Communications Office:
David Bookstaver, Director
Mai Yee, Assistant Director
(212) 428-2500

Date: October 20, 2003

Seal of the Unified Court System
Parents Go Back to School to Ease Divorce Trauma for Children

NEW YORK - In New York State, parents who divorce, separate or are involved in custody or visitation disputes will be directed to participate in education programs designed to provide information and practical tools on how to reduce the stress of their break-up on their children and protect them from the negative effects of parental conflict. Following guidelines released in a report this week by the Parent Education Advisory Board, the court system will begin certifying and monitoring local providers of such services to ensure the quality and efficacy of these programs, including special protocols to screen out families affected by domestic violence.

Programs specifically designed for divorcing or separating parents are used in 49 states today. In New York State, approximately 50 such programs exist, having developed at a grassroots level. But until now, while some judges in New York have referred litigants to these programs, no systematic examination had been undertaken of their curriculum, safety and accountability, nor had any monitoring structure been put in place.

In her 2001 State of the Judiciary address, Chief Judge Judith Kaye announced the Parent Education and Awareness Program to inform judges and others about the benefits of parent education and to foster increased utilization of this resource. At the same time, she appointed the Parent Education Advisory Board, chaired by Supreme Court Justice Evelyn Frazee of Rochester, New York, to develop uniform standards for parent education programs to which courts make referrals and to oversee their implementation. The 19-member panel is composed of professionals from a spectrum of relevant fields including pediatric medicine, child and adolescent psychiatry and psychology, social work, domestic violence awareness, family law and the judiciary. The Board’s report is the culmination of two years of study that included reviewing literature on parent education, domestic violence and child development; interviewing leading experts in the field; drawing on the experiences of other states; and considering comments on a draft report circulated among the community of experts. As detailed in its report, the Board has established a statewide system of certification and monitoring and set forth standards that parent education programs will be required to meet in order to receive court referrals.

Chief Judge Kaye said, “The benefits of parent education programs, where divorcing parents learn about the impact of ongoing conflict on their children and are informed about how to reduce the stress of this time for them, are well established, and in many parts of the state, judges are already referring litigants to these programs. However, in New York to date we have had no system to monitor providers of these services nor uniform standards from which to assess them, not only to ensure the safety of the programs but also their effectiveness. I appointed the Parent Education Advisory Board, headed by the dynamic Supreme Court Justice Evelyn Frazee, to shoulder the vital undertaking of implementing a statewide system of court-annexed parent education programs and am delighted with the work they have accomplished. Their proposals, contained in this insightful report, are well thought out, based on up-to-date research, and address the concerns of all affected interest groups, incorporating the wisdom of experts in the field. Most importantly, they are child-centered—promoting children’s healthy adjustment and development by educating parents about what they can do to help their children through this transitional time. I am extremely grateful to Judge Frazee and all the advisory board members for their dedication and fine work on behalf of the children and families of New York.”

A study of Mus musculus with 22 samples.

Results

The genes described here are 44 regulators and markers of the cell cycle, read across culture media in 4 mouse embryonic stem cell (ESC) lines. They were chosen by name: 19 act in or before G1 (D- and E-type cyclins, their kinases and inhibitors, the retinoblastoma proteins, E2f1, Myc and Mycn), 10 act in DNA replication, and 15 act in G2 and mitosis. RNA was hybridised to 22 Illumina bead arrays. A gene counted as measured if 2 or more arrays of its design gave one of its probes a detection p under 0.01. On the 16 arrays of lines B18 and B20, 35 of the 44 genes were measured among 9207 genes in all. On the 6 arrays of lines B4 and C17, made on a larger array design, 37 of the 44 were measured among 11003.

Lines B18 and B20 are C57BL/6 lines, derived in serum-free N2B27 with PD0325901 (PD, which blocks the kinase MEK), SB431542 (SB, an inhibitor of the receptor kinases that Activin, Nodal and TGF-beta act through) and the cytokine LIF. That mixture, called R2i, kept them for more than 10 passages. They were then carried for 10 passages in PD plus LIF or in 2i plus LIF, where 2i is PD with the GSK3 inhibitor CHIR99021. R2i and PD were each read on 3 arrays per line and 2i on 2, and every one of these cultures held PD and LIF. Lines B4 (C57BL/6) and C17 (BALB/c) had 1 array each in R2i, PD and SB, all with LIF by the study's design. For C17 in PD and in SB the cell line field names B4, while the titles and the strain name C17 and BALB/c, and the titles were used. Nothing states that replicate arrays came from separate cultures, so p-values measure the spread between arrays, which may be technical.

Chief Administrative Judge Jonathan Lippman added, “A great number of children—about 40 percent in this country—will experience the divorce of their parents during childhood. In these cases, as well as those involving separation, custody and visitation disputes, parent education programs have been shown to be invaluable, helping litigants understand how parental conflict affects children and giving them tools to ameliorate the negative impact on their youngsters. The work the Parent Education Advisory Board has accomplished in this area is tremendous and will help to ensure that the programs to which matrimonial and family court judges in New York refer families will meet the highest standards of quality and excellence.”

The chair of the advisory board, Hon. Evelyn Frazee, said “Through my work with a parent education program, I have seen firsthand the tremendous benefit that parent education can have for children as they adjust to their parents’ divorce or separation. Parents consistently express appreciation for the information and assistance that these programs provide to them and their children. For the sake of our children’s well-being, I am delighted to see parent education become available to more parents with greater uniformity and consistency.”

Copies of the New York State Parent Education Advisory Board report can be obtained through the court system’s web site at or by calling 212-428-2500.